Van Mossel: ‘sales dipped only slightly despite corona’
Car sales in Europe decreased dramatically – by almost 80% – in April. Countries with severe lockdown measures were extremely hit. In the Netherlands, however, just like in other countries with more tolerant rules and an ‘intelligent lockdown’, the damage is not too bad. “Until now, the negative impact of the corona crisis is limited,” says Eric Berkhof, CEO of Van Mossel Automotive, the largest car dealer of the country.
“Of course, we had to take some blows too. The sales of new cars dropped 20 to 25%. Still, the results of the first four months of the year were of the same level as in 2019. Return stayed in balance.” Despite ten weeks of the corona pandemic, sales went on. Last week, Van Mossel even sold 120 more new and second-hand cars than in the same period last year. “We will survive,” Berkhof says confidently.
In 2018, Van Mossel had an operating profit of 71 million euros; last year, it went up to 87 million euros. “Despite corona, the lockdown, and a possible recession, we expect to equal last year’s results,” says Berkhof.
Van Mossel employs more than 3 300 people and runs 200 establishments in the Netherlands, Belgium, Luxemburg, and France. The company represents 24 brands, from Volkswagen, Mercedes, and Ford, to Renault and Dacia. Van Mossel recently realized numerous acquisitions.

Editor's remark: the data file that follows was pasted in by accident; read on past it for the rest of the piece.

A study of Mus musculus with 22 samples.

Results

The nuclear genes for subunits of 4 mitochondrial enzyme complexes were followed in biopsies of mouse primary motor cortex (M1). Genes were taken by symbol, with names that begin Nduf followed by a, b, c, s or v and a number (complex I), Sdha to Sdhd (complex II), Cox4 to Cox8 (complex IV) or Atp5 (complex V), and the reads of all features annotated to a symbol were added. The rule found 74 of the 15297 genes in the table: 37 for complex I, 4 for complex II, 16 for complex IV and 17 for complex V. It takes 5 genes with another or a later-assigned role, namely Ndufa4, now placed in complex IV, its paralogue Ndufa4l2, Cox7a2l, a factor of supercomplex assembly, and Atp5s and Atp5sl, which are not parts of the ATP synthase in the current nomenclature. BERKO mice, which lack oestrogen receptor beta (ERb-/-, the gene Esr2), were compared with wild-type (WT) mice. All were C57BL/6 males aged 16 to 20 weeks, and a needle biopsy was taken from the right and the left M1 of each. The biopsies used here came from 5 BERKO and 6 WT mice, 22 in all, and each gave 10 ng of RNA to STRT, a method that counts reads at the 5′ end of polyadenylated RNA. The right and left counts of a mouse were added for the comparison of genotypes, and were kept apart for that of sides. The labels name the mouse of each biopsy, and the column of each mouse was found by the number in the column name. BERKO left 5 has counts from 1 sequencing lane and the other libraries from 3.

Last year, Van Mossel Automotive Group took over the six family-owned garages of Van Kelst. It concerns dealerships of PSA (Peugeot-Citroën-DS) in Schriek, Aarschot, and Louvain, and a Kia dealership in Aarschot. Less than a year ago, the Group acquired 22 dealerships from GMAN (Antwerp region) and Bruyninx (Limburg) from the Alcopa Group (Moorkens).
Berkhof puts the dramatic car sales figures in Europe into perspective. “In our country, there were hardly any dealerships closed. We also provided the necessary measures to guarantee the safety of our clients and staff. We even disinfected the car keys after a test ride,” Berkhof explains. He sees the corona crisis as a temporary ‘hiccup’, and not as a structural crisis like the financial crisis in 2008-2009.